Any The College Dropout listening, Off-White™ x Nike AF1 wearing, archive streetwear collector, and fashion culture connoisseur will know all too well about Pastelle, Ye’s former clothing brand of the late 2000s, and will know how high the stakes of its comeback are.
Just last year, the rapper’s daughter North West was seen accompanying her mother Kim Kardashian in the streets of Paris, during Fashion Week. North West was wearing Balenciaga platform Crocs and Louis Vuitton 1.1 Millionaire sunnies – as any 10 year old would – but the standout piece was undoubtedly her blue and orange-detailed Pastelle varsity jacket. Whether West had just gone digging in her father’s archives or if this was a hint towards a Pastelle relaunch was the question that remained unanswered, until now.
In case you need a quick refresher on what exactly Pastelle is, it was founded by the artist formerly known as Kanye West back in 2008; his second attempt into a clothing brand after 2004’s Mascotte by K West. While Pastelle is widely remembered as West’s brand, let’s not forget the huge and influential manpower that worked behind the scenes to make this brand what it has become.
West’s core team, which worked on design and overall brand direction, included Virgil Abloh, Don C, Willo Perron, and Matt George. He consulted with now-Creative Director of Dior Men’s Kim Jones, tapped KAWS for a custom logo, and BAPE to help with distribution. To put it simply, Pastelle was connected with some of the biggest names in fashion, back when they were little known to the public eye.
Pastelle was the predecessor to streetwear’s takeover of high fashion that we’ve been witnessing since the mid-to-late 2010s. It paved the way for hip hop artists, such as Ye, to be taken seriously as an artistic visionary and fashion designer, not just a music artist. In many ways, Pharrell’s appointment at Louis Vuitton, following Virgil Abloh’s tenure, can both be traced back to the OG Pastelle days. And now, the brand is making its comeback.
Every relaunch needs a new face, and in Pastelle’s case we’ve got three – Christian Azzinaro, Bloody Osiris, and Ian Connor have each been tasked with upkeeping, polishing, and relaunching Pastelle. If these names ring a bell it’s because each of them have been in the fashion scene for a while, having worked with your favourite rapper and/or designer.
Best known for his co-founded label Polite Worldwide, Christian Azzinaro is an LA-based jeweller and designer whose pieces have been worn by anyone who’s anyone – we’re talking Rihanna, Drake, Justin Bieber, Kid Cudi, Harry Styles and countless others. This has only become a recent venture for Azzinaro, with the brand launching three years ago, though the designer has been about for much longer than that. He initially assisted Ye in the launch of Pastelle back in 2007, as well as working with Virgil Abloh on his DJ collective-turned-fashion brand, Been Trill.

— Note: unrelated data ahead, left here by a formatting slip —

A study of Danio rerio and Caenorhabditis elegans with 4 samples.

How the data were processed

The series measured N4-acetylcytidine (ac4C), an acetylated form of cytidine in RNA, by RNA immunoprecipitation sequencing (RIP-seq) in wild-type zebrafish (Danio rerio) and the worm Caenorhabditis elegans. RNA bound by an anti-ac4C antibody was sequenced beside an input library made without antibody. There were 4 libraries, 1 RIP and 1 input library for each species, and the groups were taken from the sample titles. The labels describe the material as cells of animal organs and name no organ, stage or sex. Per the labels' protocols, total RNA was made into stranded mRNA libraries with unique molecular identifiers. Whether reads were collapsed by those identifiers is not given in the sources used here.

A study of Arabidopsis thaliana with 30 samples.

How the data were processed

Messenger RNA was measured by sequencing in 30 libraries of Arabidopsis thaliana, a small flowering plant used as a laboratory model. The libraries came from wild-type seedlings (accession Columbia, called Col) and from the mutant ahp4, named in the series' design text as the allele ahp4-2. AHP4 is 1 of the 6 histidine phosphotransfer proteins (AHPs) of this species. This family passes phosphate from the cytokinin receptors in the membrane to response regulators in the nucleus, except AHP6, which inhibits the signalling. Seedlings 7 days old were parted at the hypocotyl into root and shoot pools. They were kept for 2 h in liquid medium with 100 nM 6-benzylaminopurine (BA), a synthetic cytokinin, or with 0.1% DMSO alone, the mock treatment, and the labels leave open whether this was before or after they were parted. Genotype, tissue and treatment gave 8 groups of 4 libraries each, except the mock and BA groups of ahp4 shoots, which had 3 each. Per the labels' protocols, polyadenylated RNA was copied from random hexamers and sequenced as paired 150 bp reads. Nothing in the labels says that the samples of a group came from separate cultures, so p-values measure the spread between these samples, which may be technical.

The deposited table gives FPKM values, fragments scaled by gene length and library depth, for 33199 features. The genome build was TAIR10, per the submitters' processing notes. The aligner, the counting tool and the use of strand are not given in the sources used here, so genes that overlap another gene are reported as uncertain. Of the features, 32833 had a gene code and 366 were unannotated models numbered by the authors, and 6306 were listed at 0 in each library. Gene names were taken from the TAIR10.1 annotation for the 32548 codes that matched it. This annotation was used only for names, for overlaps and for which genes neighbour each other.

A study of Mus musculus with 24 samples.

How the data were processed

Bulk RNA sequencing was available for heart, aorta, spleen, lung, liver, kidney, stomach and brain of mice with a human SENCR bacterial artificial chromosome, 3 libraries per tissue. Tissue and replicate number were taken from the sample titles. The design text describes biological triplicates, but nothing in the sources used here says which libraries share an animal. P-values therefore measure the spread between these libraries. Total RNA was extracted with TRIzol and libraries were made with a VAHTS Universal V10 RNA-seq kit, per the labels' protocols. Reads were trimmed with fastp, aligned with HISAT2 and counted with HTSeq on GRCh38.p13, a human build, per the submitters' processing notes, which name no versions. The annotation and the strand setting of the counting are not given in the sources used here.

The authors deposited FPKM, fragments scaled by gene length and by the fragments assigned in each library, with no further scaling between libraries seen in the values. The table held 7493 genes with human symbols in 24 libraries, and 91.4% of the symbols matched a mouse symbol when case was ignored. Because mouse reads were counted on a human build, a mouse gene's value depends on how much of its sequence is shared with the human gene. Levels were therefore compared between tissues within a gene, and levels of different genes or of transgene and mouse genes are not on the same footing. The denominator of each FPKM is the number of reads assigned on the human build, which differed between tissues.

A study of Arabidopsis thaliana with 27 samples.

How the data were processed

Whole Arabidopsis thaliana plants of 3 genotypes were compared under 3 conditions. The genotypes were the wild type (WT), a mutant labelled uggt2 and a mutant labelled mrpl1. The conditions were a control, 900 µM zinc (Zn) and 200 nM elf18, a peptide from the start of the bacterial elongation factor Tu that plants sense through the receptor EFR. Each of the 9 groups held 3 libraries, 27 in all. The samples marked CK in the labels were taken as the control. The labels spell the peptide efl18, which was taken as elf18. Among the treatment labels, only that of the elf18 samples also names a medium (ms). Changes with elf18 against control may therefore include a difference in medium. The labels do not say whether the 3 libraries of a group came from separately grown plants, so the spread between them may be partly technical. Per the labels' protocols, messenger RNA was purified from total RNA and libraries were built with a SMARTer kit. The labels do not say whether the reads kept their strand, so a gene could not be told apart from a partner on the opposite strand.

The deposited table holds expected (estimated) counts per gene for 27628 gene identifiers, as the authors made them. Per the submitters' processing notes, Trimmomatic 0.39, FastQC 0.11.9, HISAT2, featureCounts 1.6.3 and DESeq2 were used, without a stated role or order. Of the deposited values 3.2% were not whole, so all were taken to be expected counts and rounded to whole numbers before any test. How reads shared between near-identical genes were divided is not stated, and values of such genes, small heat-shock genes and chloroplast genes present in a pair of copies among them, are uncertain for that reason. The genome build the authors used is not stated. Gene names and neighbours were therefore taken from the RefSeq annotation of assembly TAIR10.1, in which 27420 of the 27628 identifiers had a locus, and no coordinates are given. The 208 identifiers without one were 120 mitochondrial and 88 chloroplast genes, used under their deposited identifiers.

Azzinaro’s background of experiences across brands and working with major talents such as Ye makes him the perfect candidate for this position, though he won’t be taking on Pastelle on his own. Bloody Osiris joins the roster of new-generation creative direction with his avant-garde fits that have been going viral since the mid 2010s. He has styled everyone from Travis Scott to Billie Eilish, while also having worked closely with Ye on his YEEZY line. He also modelled for Off-White™’s SS18 show, and partnered with VLONE for a collaborative footwear collection.
The last name to join this roster is Ian Connor, the most infamous name in this creative mashup. Ian Connor first rose to prominence during his modelling days, which saw him pose for brands such Pyrex, Stüssy, and BAPE before becoming Wiz Khalifa’s stylist. It didn’t take long for Connor to infiltrate the celebrity scene, spotted dining with Ye among others.
Connor then went on to work with Ye and Virgil, notably on some YEEZY ventures. From allegedly styling Kylie Jenner to being around Playboi Carti, Connor was the IYKYK of the hypebeast scene in the mid 2010s, often referred to as the it boy of streetwear. That was until accusations were made against Connor in 2016, although he has never been charged for his alleged misconduct.
With Ye’s own recent controversies that have seen him be banned from social media and (partially) shunned from the eye of culture, it seems like a particularly misguided choice to add Connor as fuel to the fire that already is a Ye-affiliated venture. And considering the rapper’s past with the three forces, it wouldn’t come as a surprise if Ye was pulling strings behind the scenes, still having his say in the creative direction.
Despite the associations attached to some of those spearheading the brand, the rebirth of Pastelle will undoubtedly still be the biggest disrupter to streetwear in fashion of the decade. The brand is said to “find balance in revisiting old designs while bringing modern ideas to the table,” by fusing “modern aesthetics and cultural depth that defines the range of collection pieces.”
Pastelle 2.0 is set to debut at the upcoming ComplexCon on November 18.